Saturday, March 18, 2023


Today was the day of the grand birthday party. We had meat and beans, soda, and cake—just right for a birthday menu.

Before the meal began, Pastor Vincent gave a very nice welcome greeting, saying that we are today celebrating the day that each one of us was born.  He quoted King David, who said:

You formed my inmost being; You knit me together in my mother’s womb. I praise You, for I am fearfully and wonderfully made. Marvelous are Your works, and I know this very well. My frame was not hidden from You when I was made in secret, when I was woven together in the depths of the earth. Your eyes saw my unformed body; all my days were written in Your book and ordained for me. (Psalm 139:13-16)

 Vincent also read what the prophet Jeremiah wrote about his own experience: “The word of the LORD came to me, saying: ‘Before I formed you in the womb I knew you, and before you were born I set you apart and appointed you as a prophet to the nations.’”

I can imagine that these words were especially meaningful to the children had been rejected at a very young age by their own parents and to those who had lived for years looking for someone to feed them or living out of garbage heaps.

I then shared how as a little boy on a small farm, I could have never have imagined that when I would grow to be an old man, God would tap me on the shoulder and tell me that I still had a purpose in my later years and that he was sending me to Kenya. Neither do any of them know all that God has planned for them.

Vivian introduced herself as their “Mum Vivian,” and shared with them the importance of continuing to grow in their walk with God. They must learn the habit of saying “Yes” to God, she said. As they grow physically, so must they grow spiritually.

This also was a good illustration, for many of them have grown a couple of feet in height since I saw them when I visited the very first time in 2017. It is so nice also to see how these children have grown very firm in the commitment to God.

I had a good conversation in perfect English with that little boy who told me on the first visit, “Sir,

we would like a ball that we can kick.” He wants now to be a pastor. I am also told that he has turned into quite a footballer.

One girl who is in her last year of secondary school is also preparing to serve God. This girl I also remember from the first year. She had memorized entire chapters of the Bible in English and often led the congregation in the singing and in dance. She is still doing it.

There are so many examples. It is perhaps wrong of me to mention only two, but the stories of what has become of the children in the past 5 or 6 years are so many.

Then came the time in the program for the cutting of the cake. Three cakes had been prepared, beautifully decorated. One was made in the shape of the Bible and had the words “You are loved by God, loved by the people of the church, Your USA family loves you,” written on it.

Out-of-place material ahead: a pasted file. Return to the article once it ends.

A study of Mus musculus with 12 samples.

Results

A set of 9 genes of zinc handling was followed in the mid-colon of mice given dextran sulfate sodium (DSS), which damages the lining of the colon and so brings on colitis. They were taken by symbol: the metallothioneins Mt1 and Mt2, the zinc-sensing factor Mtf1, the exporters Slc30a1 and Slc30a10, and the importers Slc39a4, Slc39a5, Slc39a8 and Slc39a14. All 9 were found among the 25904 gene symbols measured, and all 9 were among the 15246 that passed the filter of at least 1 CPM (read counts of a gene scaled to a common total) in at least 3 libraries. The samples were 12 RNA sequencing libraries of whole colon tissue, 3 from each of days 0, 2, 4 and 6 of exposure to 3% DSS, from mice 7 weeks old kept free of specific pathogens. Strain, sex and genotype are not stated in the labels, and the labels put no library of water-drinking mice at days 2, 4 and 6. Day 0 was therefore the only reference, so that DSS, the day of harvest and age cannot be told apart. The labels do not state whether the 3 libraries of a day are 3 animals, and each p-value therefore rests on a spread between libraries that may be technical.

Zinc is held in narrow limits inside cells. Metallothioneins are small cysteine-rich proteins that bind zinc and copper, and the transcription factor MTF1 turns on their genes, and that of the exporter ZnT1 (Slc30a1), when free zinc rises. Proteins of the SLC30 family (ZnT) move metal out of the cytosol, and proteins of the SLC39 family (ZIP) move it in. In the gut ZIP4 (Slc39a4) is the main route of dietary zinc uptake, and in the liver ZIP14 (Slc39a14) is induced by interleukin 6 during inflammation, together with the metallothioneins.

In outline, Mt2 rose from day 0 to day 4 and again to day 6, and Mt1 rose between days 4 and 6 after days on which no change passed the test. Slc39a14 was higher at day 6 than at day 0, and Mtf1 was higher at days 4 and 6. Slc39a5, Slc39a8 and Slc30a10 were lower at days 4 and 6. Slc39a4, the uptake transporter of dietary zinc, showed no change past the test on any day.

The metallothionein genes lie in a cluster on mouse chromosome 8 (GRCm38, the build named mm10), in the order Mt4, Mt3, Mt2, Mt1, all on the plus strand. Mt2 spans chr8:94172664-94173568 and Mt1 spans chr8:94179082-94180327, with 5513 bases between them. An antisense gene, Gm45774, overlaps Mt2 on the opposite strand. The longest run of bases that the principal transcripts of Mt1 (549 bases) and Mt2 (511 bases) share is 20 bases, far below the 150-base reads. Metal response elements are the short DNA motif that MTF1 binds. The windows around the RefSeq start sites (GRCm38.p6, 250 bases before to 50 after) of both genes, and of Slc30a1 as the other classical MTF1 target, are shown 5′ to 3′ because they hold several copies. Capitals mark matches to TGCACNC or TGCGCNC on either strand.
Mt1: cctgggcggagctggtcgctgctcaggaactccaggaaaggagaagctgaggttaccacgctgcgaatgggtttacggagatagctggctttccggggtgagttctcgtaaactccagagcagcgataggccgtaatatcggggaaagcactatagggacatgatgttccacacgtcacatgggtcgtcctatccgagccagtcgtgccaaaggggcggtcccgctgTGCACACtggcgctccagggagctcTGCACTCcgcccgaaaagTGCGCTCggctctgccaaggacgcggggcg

Vivian and I and Larry were seated behind the cakes, and facing the crowd in front of us. I whispered to Vivian that I did not see how there

would be enough for the about 250 people present.

Besides the Bible cake, there was another baked in the shape of some kind of tall tower. Vivian and I also whispered back and forth about how they were to cut such a cake without having it fall in the dirt.

We did not know that when the moment came, it was to be we who would do the cutting. Thankfully, one of the older girls from the orphanage in was actually in charge. We were merely the “ceremonial cutters” of the cake. Then two or three girls cut them into smaller pieces and put them on plates.

Larry, always “Jeeves the butler,” asked me, “Do we get to pass them out.”

“I don’t know Larry,” I told him. “I usually just wait until I am told what to do.”

But much the my butler’s delight, we carried the plates around for all to have a piece.

The children were served first because they were sitting in front. Each politely took a single piece of cake from the plate. Seated way in the back of the party tents was a group of adults whom I did not know. I would guess that they were not necessarily members of the church, but people from the town. They looked like a little food would do them good.

When I went to serve them, they did not take a single piece, but their hand was able to be put around several pieces. I know that they were hungry, and coming for the cake was important to them.

I think everyone there must have received a piece, but the three cakes quickly disappeared. After the cake came the main meal. This is how I have always thought birthday parties should proceed—cake first, then, if you still have room to eat, perhaps a little healthy food.

Vivian and I and butler Larry served. The idea was Vivian’s. She had provided name tags for the orphans so that they could write their names on them, and when we served them, we would be able to learn their names.

A good idea, but like many good ideas, when it comes down to the actual implementation of the idea, it turns out it only had limited success. Our faces were mostly down as we performed the task of serving, and we had little time to see each child, much less try and decipher their writing. With some of them we did.

But the party was not yet over. Now came the time for the popping of the balloons. The children ran around competing for the chance to do a popping. Through it all, no one got hurt.

And this noise signaled the official end of the grand party. It was one that these children will remember for a lifetime.